Plans for Censored Chinese Search Engine Challenged by Google Employees

Despite Google’s departure from the Chinese market in 2010, it now seems plans are going ahead for a state-sanctioned re-entry

David Hughes
David HughesStaff Writer

Frustrated Google Employees have written an open letter to the company’s bosses demanding the abandonment of plans to launch a heavily-censored, China-specific Google search engine.

Revealed in August under the leaked code name “Project Dragonfly”, it would operate in accordance with the censorious Communist Party of China and its “Great Firewall”.

This news comes as concerns grow over Google’s apparent reversal on its attitude towards internet freedom in China. The company had previously publicly withdrawn from the Chinese market following a series of cyber-attacks and opposed restrictions by redirecting traffic to Hong Kong.

At the time, Google Co-Founder Sergey Brin was acknowledged as the “guiding force behind Google’s decision to stop filtering search results in China”, which he himself attributed to growing up in the Soviet Union, “sensitive to the stifling of individual liberties.” Since Brin’s departure, it appears Google’s dedication to an uncensored internet may have gone with him, with Google CEO Sundar Pichai recently suggesting that it is, “important to explore” the Chinese market.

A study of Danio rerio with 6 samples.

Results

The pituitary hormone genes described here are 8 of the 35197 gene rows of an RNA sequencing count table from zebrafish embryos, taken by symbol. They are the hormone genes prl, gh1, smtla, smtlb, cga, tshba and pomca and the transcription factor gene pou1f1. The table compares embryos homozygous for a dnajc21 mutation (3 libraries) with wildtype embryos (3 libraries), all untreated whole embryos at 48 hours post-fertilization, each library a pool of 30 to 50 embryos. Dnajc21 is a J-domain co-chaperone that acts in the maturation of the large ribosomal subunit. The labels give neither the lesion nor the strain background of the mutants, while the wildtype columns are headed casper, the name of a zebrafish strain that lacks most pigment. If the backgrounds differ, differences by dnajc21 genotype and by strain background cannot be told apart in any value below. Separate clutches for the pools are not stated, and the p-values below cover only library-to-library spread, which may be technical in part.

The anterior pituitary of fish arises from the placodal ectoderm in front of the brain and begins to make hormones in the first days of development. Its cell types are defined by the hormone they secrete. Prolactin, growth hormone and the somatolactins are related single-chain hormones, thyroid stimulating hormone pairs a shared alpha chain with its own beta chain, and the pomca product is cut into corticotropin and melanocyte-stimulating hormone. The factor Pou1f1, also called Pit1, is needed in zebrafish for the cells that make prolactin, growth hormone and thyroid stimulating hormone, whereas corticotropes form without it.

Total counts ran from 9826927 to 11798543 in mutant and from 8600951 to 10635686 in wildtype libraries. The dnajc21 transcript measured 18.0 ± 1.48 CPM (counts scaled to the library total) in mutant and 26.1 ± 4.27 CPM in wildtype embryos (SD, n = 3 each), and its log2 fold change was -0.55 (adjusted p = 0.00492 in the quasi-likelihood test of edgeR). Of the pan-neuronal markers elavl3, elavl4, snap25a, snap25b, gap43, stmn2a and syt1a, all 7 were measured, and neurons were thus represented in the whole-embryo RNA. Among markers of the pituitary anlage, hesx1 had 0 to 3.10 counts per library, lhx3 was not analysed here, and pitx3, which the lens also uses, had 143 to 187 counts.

If the concerns of the employees are justified, this tailor-made prototype app would exclude websites such as Wikipedia and BBC News, alongside various search terms such as “human rights” and “student protests”.

In the letter, the Google employees detail how, “Many of us accepted employment at Google with the company’s values in mind, including its previous position on Chinese censorship and surveillance” but go on to state, “we no longer believe this is the case.” The plans have also been criticised by human rights organisations, including Amnesty International, that said it, “would set a dangerous precedent for tech companies enabling rights abuses by governments.”

This will come as a disconcerting development following the capitulation of the messenger app WeChat to Chinese authorities, which remain, according to Freedom House, the chief offender against internet freedom. With Google showing a similar inclination towards appeasement, it may be useful to check out which VPNs still ensure rigorous barriers against Chinese censorship with our Top10VPN guide to the Best VPN for China.